Balance Your Checkbook as Often as Possible (55/365)

You should always know what your checking account balance is.

Let me repeat that.

You should always know what your checking account balance is.

That includes outstanding payments you’ve made that haven’t posted to your account yet. That does not include income that hasn’t been deposited yet.

The more you deviate from this, the more you’re begging for things like overdrafts or situations where you go to an ATM and unexpectedly find yourself unable to withdraw anything due to insufficient funds, both of which can be financially disastrous.

I now keep good track of my checking account, but in the past, I didn’t do that very well and I came incredibly close to overdrafting several times. I didn’t do this on purpose, mind you. I did it because I didn’t balance my checking account nearly as well as I should have, and without some real luck more than a time or two, I could have been faced with some serious charges.

Balance Your Checkbook as Often as Possible (55/365)

There are two simple tactics you can use to make sure your checking account stays above water at all times.

First, maintain a constant “buffer” in your checking account. That means that you should consider any balance below a certain amount a serious financial problem that needs to be rectified immediately. I have kept a buffer of at least $500 for years now, just as a safety measure.

Second, keep some sort of physical track of every transaction in and out of your account at least until it appears on your statement. One way to do this is with a checkbook ledger. The method I use is to simply keep track of every transaction that has not yet posted to my account on a pocket notebook so that I can compare them to the balance of my checking account online whenever I need to do so. Checks are the real challenge here – they often take several days to post. This is another reason why I prefer online bill pay, as it makes such balancing much easier.

Why don’t I suggest that everyone use a checkbook ledger? Checkbook ledgers are really good ideas if you write a significant amount of checks each month, but I – and many of my friends – rarely write checks at this point. We use online bill pay and other such services. The biggest lag that I often see with transactions in and out of my account are point-of-sale ATM withdrawals, which can sometimes take a couple of days to post.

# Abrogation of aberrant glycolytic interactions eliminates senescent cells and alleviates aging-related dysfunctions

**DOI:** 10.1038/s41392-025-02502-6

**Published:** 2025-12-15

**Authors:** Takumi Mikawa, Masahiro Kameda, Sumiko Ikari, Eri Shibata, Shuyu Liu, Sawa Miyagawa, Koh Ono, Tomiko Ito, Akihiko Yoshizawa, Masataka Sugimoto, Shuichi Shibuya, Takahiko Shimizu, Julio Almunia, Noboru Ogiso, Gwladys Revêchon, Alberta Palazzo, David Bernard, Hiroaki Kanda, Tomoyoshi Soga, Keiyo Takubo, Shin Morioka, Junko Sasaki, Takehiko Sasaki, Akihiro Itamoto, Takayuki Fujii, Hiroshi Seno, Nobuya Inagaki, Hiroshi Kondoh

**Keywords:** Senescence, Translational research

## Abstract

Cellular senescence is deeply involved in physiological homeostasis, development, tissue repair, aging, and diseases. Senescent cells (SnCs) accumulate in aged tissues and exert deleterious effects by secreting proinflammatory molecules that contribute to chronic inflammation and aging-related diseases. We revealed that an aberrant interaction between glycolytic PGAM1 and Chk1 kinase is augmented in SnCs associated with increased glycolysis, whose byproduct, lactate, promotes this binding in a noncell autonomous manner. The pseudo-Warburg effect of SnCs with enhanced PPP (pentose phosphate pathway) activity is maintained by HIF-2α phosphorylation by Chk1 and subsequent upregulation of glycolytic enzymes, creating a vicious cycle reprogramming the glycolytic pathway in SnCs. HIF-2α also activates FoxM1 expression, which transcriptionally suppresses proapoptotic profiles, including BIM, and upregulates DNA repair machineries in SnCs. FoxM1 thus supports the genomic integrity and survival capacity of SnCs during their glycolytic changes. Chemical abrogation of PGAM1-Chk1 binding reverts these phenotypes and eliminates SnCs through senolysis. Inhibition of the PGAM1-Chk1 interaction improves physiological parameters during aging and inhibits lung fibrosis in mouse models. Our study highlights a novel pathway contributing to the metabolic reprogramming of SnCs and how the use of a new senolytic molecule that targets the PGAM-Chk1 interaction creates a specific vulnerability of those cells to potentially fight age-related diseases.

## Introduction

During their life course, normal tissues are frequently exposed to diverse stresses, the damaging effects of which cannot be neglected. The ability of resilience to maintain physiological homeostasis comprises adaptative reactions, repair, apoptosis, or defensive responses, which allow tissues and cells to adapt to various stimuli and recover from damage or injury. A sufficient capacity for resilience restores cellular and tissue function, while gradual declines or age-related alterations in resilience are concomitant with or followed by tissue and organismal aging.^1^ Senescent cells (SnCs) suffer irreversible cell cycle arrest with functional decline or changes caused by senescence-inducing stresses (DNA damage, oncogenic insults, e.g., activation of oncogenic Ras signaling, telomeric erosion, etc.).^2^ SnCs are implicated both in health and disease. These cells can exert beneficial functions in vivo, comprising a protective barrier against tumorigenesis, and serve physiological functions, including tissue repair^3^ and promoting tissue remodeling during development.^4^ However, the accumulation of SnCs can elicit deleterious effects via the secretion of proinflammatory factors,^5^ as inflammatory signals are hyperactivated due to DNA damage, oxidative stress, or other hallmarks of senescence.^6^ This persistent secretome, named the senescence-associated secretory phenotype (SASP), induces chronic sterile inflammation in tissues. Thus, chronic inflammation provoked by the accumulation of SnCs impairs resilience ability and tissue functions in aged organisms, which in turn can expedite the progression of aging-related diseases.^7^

The key is that you should be able to quickly identify your balance at any moment with jut a bit of simple addition and subtraction. This is particularly important if you don’t have a large buffer in your checking account or if you’re about to make a large purchase.

Another note: never assume that money will arrive in your checking account on the promised date. In fact, if at all possible, you should never make financial moves on the assumption that money will arrive in your account tomorrow.

Not only do such transfers often happen a day or two slower than you expect, but the banks – if given an option – will often order transactions in a way that will cost you money.

I’ve had automatic transfers and paychecks show up in my account days later than expected. I’ve had some transfers never arrive and eventually found myself contacting banks to get things straightened out. I even had one lengthy disputed bank error that eventually led me to change banks.

Do not rely on money that’s not sitting in your account yet. Instead, know your balance and rely on that to the best of your ability. This will keep you above water, no matter what.

This post is part of a yearlong series called “365 Ways to Live Cheap (Revisited),” in which I’m revisiting the entries from my book “365 Ways to Live Cheap,” which is available at Amazon and at bookstores everywhere. Images courtesy of Brittany Lynne Photography, the proprietor of which is my “photography intern” for this project.